On June 29, 2011, the Sixth Circuit Court of Appeals upheld1 the constitutionality of the “personal insurance mandate2” of The Patient Protection and Affordable Care Act (”ACA”) which requires most adults to purchase a minimum level of health care insurance by 2014. This is the first appellate court ruling on the validity of the minimum coverage provision3 of the ACA.
In a plurality decision, the Court affirmed the decision of the district court by finding that the health insurance mandate is proper under the Commerce Clause of the Constitution. This three-judge panel, comprised of one Democratic and two Republican nominees, upheld the mandate 2-1 with one GOP-nominated judge voting to uphold the mandate and the other dissenting. Justice Martin was appointed by President Jimmy Carter, Justice Sutton was appointed by President George W. Bush, and Justice Graham by President Ronald Reagan.
The Court’s opinion states that the “minimum coverage provision” is a valid exercise of Congressional authority under the Commerce Clause because the mandate satisfies the “substantial effects on interstate commerce” test. This opinion explains that Congress had a rational basis to conclude that in the aggregate, the practice of self-insuring for the cost of health care substantially affects interstate commerce. This opinion further explains that Congress also had a rational basis to conclude that the minimum coverage provision is essential to the ACA’s larger purpose — to reform the national health care delivery and health insurance markets.
One of the main issues facing the various courts reviewing the ACA has been whether a person’s decision not to buy insurance is the type of economic activity that constitutes interstate commerce, or, if it is a kind of inactivity beyond the reach of Congress. Justice Sutton’s concurring opinion explains that the easily satisfied “any rational basis test” for “facial” constitutional challenges is satisfied in this instance, because it has not been shown that the individual mandate exceeds Congress’ power in all scenarios. This concurring opinion notes for example, that the mandate is constitutional as applied to individuals who presently have health insurance but who may want to drop coverage in the future, or to individuals who have health coverage, but at levels below what is required by the minimum coverage provision.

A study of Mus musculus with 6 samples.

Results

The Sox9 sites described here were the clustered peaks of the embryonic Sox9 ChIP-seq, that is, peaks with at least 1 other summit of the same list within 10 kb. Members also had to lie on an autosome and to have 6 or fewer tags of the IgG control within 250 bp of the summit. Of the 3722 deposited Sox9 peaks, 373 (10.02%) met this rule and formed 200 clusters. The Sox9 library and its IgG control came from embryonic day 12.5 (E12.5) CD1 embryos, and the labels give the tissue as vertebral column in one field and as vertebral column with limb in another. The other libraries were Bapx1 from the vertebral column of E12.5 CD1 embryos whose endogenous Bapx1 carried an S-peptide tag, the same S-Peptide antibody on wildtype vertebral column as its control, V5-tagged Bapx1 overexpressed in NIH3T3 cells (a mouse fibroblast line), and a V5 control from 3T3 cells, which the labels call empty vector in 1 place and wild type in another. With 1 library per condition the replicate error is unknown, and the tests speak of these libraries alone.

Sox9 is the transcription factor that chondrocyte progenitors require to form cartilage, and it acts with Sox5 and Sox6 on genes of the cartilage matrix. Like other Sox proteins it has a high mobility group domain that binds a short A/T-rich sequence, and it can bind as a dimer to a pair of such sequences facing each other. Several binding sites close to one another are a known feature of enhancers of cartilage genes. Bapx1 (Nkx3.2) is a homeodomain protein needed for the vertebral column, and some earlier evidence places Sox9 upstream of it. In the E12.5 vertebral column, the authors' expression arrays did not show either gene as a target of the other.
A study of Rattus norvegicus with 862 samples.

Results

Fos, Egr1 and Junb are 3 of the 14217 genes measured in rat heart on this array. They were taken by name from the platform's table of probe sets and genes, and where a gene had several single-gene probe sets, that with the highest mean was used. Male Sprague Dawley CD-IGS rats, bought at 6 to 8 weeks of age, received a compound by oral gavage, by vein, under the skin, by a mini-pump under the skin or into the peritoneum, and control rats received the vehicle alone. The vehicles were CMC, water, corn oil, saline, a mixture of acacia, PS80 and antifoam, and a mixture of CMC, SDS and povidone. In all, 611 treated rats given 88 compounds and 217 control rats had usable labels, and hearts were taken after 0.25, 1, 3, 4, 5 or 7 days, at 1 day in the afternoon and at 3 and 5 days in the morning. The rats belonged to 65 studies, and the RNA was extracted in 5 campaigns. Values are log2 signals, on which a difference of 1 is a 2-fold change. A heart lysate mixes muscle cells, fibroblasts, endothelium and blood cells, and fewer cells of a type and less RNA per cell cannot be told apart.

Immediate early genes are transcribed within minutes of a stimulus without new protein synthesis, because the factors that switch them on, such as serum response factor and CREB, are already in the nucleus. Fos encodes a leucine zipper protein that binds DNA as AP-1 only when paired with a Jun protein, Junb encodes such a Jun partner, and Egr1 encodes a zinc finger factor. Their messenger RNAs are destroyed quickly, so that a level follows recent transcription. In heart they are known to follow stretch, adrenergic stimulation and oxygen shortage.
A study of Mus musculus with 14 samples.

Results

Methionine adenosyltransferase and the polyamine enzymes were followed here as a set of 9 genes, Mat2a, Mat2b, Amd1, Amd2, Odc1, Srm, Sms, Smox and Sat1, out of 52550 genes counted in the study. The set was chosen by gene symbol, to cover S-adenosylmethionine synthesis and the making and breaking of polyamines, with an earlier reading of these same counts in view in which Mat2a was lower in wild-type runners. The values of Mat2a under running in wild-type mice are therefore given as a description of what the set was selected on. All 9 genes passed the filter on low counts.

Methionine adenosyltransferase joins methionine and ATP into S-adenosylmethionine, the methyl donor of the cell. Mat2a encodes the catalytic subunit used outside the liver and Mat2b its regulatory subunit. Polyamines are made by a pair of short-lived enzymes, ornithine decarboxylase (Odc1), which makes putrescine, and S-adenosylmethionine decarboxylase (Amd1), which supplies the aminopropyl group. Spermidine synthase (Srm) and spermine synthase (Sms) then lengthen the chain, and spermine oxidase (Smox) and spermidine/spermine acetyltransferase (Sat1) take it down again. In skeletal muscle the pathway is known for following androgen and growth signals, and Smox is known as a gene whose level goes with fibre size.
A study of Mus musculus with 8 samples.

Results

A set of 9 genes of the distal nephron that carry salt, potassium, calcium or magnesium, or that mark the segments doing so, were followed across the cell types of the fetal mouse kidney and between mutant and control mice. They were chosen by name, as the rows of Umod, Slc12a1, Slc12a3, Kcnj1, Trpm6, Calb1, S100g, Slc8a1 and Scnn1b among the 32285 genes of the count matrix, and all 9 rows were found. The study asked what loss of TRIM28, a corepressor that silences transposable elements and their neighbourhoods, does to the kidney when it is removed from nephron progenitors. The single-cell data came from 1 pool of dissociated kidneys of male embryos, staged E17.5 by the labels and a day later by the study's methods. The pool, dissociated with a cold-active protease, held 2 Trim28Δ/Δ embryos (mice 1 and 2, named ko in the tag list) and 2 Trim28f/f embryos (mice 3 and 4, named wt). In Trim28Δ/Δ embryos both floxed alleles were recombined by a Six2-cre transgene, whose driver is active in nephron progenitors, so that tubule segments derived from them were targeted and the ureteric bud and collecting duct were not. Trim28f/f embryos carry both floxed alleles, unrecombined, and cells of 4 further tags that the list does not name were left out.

Justice Graham’s partial dissent finds the personal insurance mandate to be an invalid exercise of congressional power under the commerce clause. Reciting notions of federalism, this dissent indicates that if the decision not to purchase health insurance at the level required by the minimum coverage provision is allowed as a valid exercise of Congressional authority, then no “aspect of human activity” will escape federal legislative power.
This Sixth Circuit decision is the first of several anticipated decisions this summer or fall to rule on the validity of the minimum coverage provision. The other federal district court decisions addressing the constitutionality of the minimum coverage provision of the ACA include: Florida v. H.H.S. (Northern District, Florida) also before the Sixth Circuit, in which the district court invalidated the personal mandate provision; and two Fourth Circuit Court of Appeals cases — Liberty University v. Geithner (Western District, Virginia), in which the district court upheld the personal mandate provision, and Virginia v. Sebelius (Eastern District, Virginia), in which the district court invalidated the provision.
Media reports now indicate that attorneys for Thomas More Law Center have stated they will either file an appeal to the U.S. Supreme Court, or first seek an en banc review with the entire Sixth Circuit Court of Appeal.